How the Hague Convention protects against child abduction

Arizona parents who are getting a divorce and who are concerned that the other parent might try to take their child to another country may not be aware that the Hague Convention covers international child abductions. The United States is one of more than 90 countries that have signed the treaty. The International Child Abduction Remedies Act is a federal statute that also covers the issue. Theoretically, when a parent in the United States files a petition in either state or federal court, a child under the age of 16 who has been gone for less than a year is supposed to be returned immediately if the other country is also a signatory. However, this is not always the case.

Keeping children's needs in mind through a divorce

An Arizona couple could create increased turmoil for their children by delaying divorce in some situations. They might avoid initiating divorce proceedings in order to attempt to resolve differences, but as the decision end their marriage is made, prolonging the matter could lead to greater difficulties for children. The desire to reconcile can create delays, especially if one or both spouses are conflicted because of issues such as religious beliefs, family pressures, or even concern for the impact on children. Although a delay may allow marital differences to be resolved, it could also lead to a longer period of uncertainty for one's children.

Parenting plans as strong foundations for the future

The emotional turmoil of divorce can be amplified when children are involved. In a best-case scenario, Arizona parents can get along well enough to coparent and can also shield their children from some of the worst fallout from the divorce. One of the tools for doing this is a detailed parenting plan.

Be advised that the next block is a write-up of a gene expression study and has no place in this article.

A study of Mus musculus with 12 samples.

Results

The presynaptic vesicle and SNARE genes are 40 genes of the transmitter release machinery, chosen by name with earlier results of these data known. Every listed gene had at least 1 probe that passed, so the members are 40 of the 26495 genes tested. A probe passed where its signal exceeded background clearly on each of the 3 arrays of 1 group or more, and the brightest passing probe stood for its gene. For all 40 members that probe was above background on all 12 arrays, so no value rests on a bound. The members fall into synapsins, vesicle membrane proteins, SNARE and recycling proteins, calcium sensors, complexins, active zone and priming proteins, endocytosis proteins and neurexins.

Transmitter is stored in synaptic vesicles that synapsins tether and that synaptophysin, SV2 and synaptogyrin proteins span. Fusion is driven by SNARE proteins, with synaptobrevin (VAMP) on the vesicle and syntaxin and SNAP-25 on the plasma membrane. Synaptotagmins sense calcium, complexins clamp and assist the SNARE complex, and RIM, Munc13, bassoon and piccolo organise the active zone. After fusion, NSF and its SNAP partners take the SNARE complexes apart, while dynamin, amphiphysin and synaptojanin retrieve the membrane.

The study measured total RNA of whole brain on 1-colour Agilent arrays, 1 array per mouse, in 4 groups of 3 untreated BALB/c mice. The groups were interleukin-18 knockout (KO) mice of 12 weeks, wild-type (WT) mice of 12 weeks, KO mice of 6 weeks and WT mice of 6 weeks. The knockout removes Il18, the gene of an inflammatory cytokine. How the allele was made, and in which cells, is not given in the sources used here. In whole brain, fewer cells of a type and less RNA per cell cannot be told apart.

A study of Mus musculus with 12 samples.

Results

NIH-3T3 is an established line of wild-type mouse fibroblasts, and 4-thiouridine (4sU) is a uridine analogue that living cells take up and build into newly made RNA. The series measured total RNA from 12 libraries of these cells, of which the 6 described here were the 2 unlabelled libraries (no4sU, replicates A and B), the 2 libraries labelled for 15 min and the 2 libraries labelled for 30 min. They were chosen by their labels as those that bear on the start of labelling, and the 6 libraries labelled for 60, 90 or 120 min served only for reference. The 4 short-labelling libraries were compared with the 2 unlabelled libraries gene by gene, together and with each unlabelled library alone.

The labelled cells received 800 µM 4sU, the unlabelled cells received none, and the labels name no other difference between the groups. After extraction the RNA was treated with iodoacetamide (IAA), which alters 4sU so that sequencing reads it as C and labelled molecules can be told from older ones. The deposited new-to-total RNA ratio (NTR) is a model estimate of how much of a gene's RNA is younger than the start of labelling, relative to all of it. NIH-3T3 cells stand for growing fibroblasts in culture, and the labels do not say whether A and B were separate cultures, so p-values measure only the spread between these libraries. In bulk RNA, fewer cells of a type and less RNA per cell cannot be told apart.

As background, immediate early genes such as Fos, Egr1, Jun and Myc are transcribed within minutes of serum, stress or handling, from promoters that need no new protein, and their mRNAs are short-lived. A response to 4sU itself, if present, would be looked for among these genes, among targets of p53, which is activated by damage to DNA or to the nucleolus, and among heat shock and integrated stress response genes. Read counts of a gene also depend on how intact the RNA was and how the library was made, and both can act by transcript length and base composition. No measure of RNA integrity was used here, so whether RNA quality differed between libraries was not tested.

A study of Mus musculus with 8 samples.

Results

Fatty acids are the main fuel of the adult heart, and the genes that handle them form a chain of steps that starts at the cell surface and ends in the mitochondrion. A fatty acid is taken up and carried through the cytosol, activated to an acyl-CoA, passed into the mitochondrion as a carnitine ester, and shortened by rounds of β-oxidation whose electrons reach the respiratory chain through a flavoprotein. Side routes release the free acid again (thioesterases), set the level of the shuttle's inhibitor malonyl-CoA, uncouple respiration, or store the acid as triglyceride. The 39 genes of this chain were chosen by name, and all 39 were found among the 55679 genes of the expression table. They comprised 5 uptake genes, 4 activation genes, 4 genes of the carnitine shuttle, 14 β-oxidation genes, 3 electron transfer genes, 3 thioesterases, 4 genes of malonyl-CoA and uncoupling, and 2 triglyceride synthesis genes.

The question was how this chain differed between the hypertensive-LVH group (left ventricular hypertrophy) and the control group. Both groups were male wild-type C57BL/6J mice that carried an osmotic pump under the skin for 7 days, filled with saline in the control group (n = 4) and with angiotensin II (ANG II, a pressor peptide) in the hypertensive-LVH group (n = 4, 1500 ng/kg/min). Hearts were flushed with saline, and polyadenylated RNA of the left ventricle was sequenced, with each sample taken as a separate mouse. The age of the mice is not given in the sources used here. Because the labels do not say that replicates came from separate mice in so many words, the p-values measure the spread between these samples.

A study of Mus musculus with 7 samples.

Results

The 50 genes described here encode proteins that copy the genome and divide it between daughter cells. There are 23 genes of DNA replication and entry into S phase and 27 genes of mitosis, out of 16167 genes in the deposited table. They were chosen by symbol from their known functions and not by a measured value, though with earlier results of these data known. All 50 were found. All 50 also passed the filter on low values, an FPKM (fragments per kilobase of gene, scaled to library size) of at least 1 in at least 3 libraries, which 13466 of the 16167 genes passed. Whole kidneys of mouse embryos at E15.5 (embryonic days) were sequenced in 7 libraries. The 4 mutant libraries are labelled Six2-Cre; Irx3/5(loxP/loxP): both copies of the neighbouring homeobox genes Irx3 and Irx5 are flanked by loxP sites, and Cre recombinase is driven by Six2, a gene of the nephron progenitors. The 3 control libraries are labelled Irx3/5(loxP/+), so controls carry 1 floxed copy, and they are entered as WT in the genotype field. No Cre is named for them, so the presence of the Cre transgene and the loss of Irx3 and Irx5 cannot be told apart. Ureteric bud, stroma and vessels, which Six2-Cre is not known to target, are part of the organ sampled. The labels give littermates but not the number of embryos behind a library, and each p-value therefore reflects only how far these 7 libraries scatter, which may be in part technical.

Co-parenting successfully

When an Arizona couple shares a child but are no longer together, getting along for the sake of the child may be difficult. It is a good idea to try to do so, however, as children have been shown to fare better if they have the benefit of good relationships with both parents.

Parenting time for special events

While some people have flexible parenting plans or have not yet been through the court process, it is important that certain things are clear when determining child custody issues in Arizona and other states. The holidays provide one example where parents may fight because both parties want to spend special occasions with their children. One may not have enough time to go through the court process if a holiday or big event is coming up, so here are a few tips for working out an arrangement.

Helping Arizona parents keep their kids in the country

If an individual was married to and had a child with a foreign spouse, there is a chance that the child may be taken to the former spouse's home country. Those who believe that their former spouse would take his or her child outside of the United States can register that complaint with the appropriate court. Doing so may give the American spouse sole custody of the child on a temporary basis.

Domestic violence and child custody

Domestic violence is an issue in Arizona that sometimes affects child custody case outcomes. People who have committed domestic abuse against their significant others may sometimes be given parenting time or legal decision-making for their children in some cases.

Testing for marijuana may result in a false positive

As some Arizona parents have found, child custody and visitation disputes may be complicated by one parent showing positive on a drug test. A study done in Germany reports that false positives are sometimes produced from hair strand tests that show the presence of marijuana. According to the study, those who use cannabis may transfer the metabolites measured in hair testing through marijuana smoke, hands, sweat or sebum. With the numbers of marijuana users estimated at between 125 and 127 million worldwide, it is the most popular illicit drug.

Reunification therapy treatment and child custody

Arizona parents who are in the middle of a custody dispute might find that the children involved might have to undergo reunification therapy mandated by a court. This type of therapy, which is still a controversial treatment, has been and might continue to be used in cases where a parent blames the other parent of turning the children against them during a divorce, or alienating the parent.